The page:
I’m currently running an experiment in psychopy using a Magnetom 3T Prisma scanner. For whatever reason, the total number of TRs I get for running the same experiment twice varies quite a bit. Since the experiment is supposed to be exactly the same I need the timecourses to line up perfectly. Also, in my log files I have psychopy print out the TR number and the time in seconds right next to it. I noticed that the time (s) varies for each experiment. In other words, for example, the first TR will count as 1 second for the first experiment and then count as .999 seconds for the second experiment. This, I believe, is what is causing my number of TRs to vary between experiments by the end (in total I’m collecting around 2000 TRs for each experiment).

Any help with this would be great!


Have you already had a look at this page?:

Hope this helps.



Thanks again!

so i’ve looked into the nonslip timing documentation but it is still unclear to me how to implement this in my code. In my script the loop below prints (log_msg function) out each volume and the time in seconds right next to it (onset). How do I make sure that onset is equal to vol for each repetition time using the add() method or CountdownTimer() as specified in the documentation?

allKeys = event.getKeys()
for key in allKeys:
    if key == MR_settings['sync']:
        onset = globalClock.getTime()
        # do your experiment code at this point if you want it sync'd to the TR
        # for demo just display a counter & time, updated at the start of each TR
        counter.size = 10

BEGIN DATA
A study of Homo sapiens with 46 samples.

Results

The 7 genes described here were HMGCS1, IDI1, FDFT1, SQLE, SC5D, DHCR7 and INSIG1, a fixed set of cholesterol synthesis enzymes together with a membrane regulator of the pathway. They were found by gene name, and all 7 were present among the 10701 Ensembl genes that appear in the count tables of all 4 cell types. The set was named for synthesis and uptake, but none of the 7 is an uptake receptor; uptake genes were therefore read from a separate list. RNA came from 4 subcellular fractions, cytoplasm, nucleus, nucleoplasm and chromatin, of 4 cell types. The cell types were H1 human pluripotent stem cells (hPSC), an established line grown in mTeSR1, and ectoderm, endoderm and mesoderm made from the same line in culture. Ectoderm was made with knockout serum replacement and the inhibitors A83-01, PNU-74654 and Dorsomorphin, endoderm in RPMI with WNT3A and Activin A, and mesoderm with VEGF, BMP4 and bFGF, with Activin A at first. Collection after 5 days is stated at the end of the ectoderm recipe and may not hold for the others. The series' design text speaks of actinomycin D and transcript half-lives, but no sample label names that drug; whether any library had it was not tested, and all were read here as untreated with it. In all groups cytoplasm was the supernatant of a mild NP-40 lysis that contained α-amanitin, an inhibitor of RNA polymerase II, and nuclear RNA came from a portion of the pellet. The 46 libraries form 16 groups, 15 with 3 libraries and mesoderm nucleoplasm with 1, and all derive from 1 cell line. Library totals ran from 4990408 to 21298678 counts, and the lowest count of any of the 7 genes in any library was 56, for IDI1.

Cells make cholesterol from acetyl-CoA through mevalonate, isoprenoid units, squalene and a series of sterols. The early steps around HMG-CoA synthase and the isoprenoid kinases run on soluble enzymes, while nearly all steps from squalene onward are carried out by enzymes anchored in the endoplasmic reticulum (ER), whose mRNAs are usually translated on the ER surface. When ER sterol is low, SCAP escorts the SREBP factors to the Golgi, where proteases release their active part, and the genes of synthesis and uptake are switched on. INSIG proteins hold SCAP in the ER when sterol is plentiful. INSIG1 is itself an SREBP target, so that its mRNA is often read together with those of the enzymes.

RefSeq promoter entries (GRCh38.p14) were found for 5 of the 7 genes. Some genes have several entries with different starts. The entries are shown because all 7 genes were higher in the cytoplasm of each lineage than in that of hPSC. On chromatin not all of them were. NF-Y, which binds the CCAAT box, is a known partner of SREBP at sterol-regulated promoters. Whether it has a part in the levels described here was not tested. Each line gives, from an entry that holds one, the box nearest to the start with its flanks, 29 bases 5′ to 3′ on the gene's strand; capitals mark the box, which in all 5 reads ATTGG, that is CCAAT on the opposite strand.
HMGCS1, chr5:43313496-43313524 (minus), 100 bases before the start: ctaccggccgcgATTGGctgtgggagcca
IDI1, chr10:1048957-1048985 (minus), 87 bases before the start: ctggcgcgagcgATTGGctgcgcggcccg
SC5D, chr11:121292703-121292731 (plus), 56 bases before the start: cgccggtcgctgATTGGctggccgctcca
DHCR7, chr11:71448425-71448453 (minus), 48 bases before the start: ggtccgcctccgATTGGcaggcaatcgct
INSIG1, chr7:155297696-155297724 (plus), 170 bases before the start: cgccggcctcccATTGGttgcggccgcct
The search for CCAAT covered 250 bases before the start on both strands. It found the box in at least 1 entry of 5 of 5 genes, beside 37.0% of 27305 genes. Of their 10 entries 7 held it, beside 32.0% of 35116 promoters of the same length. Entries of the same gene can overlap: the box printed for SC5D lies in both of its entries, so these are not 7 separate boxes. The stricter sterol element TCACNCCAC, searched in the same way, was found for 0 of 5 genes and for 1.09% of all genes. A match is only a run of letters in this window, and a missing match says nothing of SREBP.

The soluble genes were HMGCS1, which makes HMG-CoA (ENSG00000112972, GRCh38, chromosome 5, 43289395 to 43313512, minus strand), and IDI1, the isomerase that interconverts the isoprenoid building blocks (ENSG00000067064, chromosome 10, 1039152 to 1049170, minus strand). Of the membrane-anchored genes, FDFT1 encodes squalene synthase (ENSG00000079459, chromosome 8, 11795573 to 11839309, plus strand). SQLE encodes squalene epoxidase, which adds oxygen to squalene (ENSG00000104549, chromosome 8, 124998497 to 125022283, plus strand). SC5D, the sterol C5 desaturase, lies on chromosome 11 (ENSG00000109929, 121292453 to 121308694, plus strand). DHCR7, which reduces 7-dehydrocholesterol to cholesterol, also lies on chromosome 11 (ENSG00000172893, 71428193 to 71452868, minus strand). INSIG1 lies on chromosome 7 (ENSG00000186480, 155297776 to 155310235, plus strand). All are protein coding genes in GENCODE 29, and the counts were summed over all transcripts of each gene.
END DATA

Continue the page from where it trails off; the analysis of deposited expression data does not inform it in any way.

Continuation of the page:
log_msg(u"%3d  %7.3f sync\n" % (vol, onset))
        vol += 1

You only need to collect the first sync signal from the MRI. After that, you can assume that the MRI will keep absolutely perfect time at 1 s per TR. There is little point in measuring the sync signal on every successive TR after that, as there will be some slop in the measurement itself (i.e. the MRI machine timing will be more accurate than the precision with which you can measure the pulse coming it).

Once the first signal is detected, the goal of your code then becomes to also maintain an overall pace equal to the machine’s TRs. You can verify this at the end of the experiment by simply subtracting the time at the end of study from the time at the first pulse, and it should, within one screen refresh, match the intended duration of the task . For example, I’ve been doing some fMRI this week, and an intended task duration of 6 min 24 s never varied by more than 6 ms from that goal.

But what you will find is that there is a little slippage here and there between the same points in the code: as you note, it might be 999 ms on one cycle, and 1000 on the next. Using a countdown timer allows you to immediately counteract that, rather than letting these errors accumulate. e.g. lets say the first trial took 1001 ms, so the countdown timer will have gone negative (to -0.001 s). By adding 1.0 s, to the timer for the next trial, that trial starts with a value of 0.999 s rather than 1.000 s on the clock. That is, we’ve counteracted the excessive time taken on the first trial by slightly decreasing the time available for the next. That way, the errors can’t accumulate.

Something like this:

started = False
TR_timer = core.CountdownTimer()

while not started:
    # wait until getting a pulse from the scanner:
    if event.getKeys(MR_settings['sync']):
        start_time =  globalClock.getTime()
        started = True
        time.sleep(0.001) # let the system breathe a bit

# for 2000 s:
for TR in range(2000):
    counter.setText(str(TR)) # update once per second
    while TR_timer.getTime() > 0.0:
        counter.draw() # draw it at 60 times per second

end_time =  globalClock.getTime() - start_time
print('That took: ' + str(end_time))

This should count from 0 to 1999, displaying that updated count once per TR, and the total duration should be within one screen refresh of 2000 s. You’ll notice that the screen should clear the moment the scanner noise stops.